The 17th-century artifact, widely known as the Chimney Map, was found by a Scottish man during the renovation of an old house. He had no idea the dirty bundle of rags was an antique until he saw the unusual writings on it.
One day in 1988, electrician Colin Davidson was working away in Drumnahoy Millhouse, Sauchan.
While he was feeding cables through the old Scottish house, he stumbled upon a hole.
“I pulled it out and I could see that mice had been using it as a nest, so it was full of mice [expletive],” Davidson said in a YouTube video.
At first, Davidson thought it was a bundle of rags until he saw the writing on it.
“I thought it looks pretty interesting, it looks like an antique,” he recalled.
So, Davidson placed it in a bin bag, put it in his van, and took it home.
When his wife saw the dirty rags later, she told him, “You’re not taking that in here.”
So, Colin had little choice but to give up the mysterious map to his co-worker, Les Yuill.
Yuill kept the map inside an old paint container in his garage for the next ten years, till he met Brain Crossan—a geography teacher and map enthusiast.
Yuill handed Crossan the map in 2004.
“I thought, ‘What on earth is this?’” recalled Crossan.
Crossan examined the rags on his kitchen table.
When he spotted the cartouche with William III of England on it, he knew it was a very old map that dated back to the 1690s.
Eventually, Crossan bundled the near-ravaged 17th-century map in a plastic bag and donated it to the National Library of Scotland (NLS).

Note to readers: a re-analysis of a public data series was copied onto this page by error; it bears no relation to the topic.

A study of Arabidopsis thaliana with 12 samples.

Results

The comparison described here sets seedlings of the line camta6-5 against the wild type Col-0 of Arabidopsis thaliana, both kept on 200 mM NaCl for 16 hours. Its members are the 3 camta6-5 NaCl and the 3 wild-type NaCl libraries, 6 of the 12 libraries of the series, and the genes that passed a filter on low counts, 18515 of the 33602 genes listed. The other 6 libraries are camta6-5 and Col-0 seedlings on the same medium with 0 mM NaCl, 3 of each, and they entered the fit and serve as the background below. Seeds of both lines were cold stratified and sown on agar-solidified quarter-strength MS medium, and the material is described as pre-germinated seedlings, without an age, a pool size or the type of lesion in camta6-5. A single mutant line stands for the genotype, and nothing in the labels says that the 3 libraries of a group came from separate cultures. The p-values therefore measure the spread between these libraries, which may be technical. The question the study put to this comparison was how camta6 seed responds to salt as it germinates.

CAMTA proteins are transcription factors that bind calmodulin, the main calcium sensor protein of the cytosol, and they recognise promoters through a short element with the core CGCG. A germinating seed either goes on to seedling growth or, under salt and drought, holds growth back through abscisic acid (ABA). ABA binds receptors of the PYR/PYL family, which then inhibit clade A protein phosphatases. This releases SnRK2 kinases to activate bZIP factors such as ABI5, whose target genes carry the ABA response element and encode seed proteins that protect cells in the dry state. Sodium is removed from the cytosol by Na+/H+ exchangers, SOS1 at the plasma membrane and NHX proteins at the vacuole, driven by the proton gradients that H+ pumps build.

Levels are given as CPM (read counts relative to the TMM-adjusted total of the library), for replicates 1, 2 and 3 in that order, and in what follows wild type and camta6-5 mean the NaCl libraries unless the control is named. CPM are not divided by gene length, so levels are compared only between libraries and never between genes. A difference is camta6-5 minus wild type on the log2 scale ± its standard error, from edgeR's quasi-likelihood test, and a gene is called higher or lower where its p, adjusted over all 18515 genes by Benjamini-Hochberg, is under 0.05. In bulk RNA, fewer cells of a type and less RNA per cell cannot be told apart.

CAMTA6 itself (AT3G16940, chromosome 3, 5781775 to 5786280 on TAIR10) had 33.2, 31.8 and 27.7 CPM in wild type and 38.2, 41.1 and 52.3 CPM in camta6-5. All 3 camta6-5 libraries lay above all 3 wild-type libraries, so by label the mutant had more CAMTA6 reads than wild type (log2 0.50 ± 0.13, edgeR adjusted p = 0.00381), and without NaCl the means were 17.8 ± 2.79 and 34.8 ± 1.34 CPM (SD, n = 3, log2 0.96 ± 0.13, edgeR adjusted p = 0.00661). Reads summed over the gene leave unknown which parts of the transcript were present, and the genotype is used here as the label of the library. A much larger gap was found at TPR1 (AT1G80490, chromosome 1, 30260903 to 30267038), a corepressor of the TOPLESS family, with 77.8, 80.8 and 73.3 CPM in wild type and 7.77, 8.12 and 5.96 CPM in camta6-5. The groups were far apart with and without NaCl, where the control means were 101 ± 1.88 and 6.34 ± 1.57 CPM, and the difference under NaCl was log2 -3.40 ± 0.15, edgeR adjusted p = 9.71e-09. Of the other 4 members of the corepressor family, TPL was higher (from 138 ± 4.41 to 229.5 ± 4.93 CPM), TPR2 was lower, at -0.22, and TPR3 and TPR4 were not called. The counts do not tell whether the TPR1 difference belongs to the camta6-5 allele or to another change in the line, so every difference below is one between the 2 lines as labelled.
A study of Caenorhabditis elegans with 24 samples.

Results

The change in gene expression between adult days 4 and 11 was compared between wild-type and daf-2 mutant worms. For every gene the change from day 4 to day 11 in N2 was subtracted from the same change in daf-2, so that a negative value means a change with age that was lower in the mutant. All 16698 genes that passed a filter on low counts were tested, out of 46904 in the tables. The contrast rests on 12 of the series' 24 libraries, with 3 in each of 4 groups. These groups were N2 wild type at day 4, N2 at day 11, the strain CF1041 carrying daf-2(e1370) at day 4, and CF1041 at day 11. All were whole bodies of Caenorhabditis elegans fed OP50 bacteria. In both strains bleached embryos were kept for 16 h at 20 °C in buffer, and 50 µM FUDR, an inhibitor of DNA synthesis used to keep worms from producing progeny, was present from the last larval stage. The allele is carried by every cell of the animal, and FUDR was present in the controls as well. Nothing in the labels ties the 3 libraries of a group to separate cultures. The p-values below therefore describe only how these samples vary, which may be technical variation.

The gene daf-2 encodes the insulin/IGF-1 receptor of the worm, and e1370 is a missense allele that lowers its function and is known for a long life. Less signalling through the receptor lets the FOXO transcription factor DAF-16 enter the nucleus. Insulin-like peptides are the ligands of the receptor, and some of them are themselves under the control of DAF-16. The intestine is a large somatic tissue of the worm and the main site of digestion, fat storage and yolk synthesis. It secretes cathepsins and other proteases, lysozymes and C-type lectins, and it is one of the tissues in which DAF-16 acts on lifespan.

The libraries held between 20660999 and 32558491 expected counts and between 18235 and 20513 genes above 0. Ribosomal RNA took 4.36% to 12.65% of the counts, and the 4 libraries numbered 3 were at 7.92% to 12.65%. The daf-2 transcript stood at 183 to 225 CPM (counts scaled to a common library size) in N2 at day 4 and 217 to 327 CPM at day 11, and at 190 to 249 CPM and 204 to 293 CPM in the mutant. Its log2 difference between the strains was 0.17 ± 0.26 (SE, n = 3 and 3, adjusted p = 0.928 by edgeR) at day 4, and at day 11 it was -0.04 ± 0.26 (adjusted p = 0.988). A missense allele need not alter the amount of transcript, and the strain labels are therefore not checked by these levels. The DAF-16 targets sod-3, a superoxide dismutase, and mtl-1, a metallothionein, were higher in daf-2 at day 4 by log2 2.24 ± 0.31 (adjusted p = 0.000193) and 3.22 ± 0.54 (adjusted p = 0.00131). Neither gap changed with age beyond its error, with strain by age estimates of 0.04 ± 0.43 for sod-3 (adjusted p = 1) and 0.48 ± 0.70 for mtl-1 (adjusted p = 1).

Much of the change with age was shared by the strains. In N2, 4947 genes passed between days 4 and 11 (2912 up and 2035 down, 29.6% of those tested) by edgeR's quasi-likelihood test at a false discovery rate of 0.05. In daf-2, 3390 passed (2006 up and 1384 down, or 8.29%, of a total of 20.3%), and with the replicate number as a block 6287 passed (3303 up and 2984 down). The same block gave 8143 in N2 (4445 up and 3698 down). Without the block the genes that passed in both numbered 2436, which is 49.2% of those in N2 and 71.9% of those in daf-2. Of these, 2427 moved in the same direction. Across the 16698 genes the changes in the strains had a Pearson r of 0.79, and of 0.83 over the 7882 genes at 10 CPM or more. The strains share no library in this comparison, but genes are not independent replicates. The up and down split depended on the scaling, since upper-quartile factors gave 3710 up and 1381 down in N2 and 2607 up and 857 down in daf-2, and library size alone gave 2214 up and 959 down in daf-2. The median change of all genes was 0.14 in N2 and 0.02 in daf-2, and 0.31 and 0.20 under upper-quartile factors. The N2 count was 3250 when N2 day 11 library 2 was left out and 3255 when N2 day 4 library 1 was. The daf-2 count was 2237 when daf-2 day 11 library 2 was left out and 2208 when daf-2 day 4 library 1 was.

“I never dreamt they would be able to restore it,” Crossan said.
Crossan saw the map once again on March 13, 2017, when it was put on public display at the National Library in Edinburgh after months of meticulous restoration work.
“This is one of the most challenging tasks our conservation team has faced and they have done a terrific job,” National librarian Dr. John Scally told BBC.
It turned out the 7-by-5-foot map was produced by Dutch engraver Gerald Valck. With only two known copies in existence, it was once hung up on the wall of an aristocratic home.
The rare antique map reveals some fascinating details of that time, such as the location of many sea battles. On its right-hand corner, there is a goat standing on the mountaintop.
“It represents a world view as seen from Amsterdam, complete with colonial ambitions. Australia, for example, appears as New Holland and the rivalry with their old enemy Spain is represented by a depiction of atrocities committed by Spanish invaders in South America,” NLS stated on its website.
While the “Chimney Map” still holds many unsolved mysteries, it’s undeniably an astonishing artifact to be admired by many.
“It would have been very easy for this map to end up at the bottom of a skip but thankfully it can now take its place among the magnificent maps held within our collection,” said Dr. Scally.
Watch the video:
Photo Credit: YouTube Screenshot | Trina Mckendrick.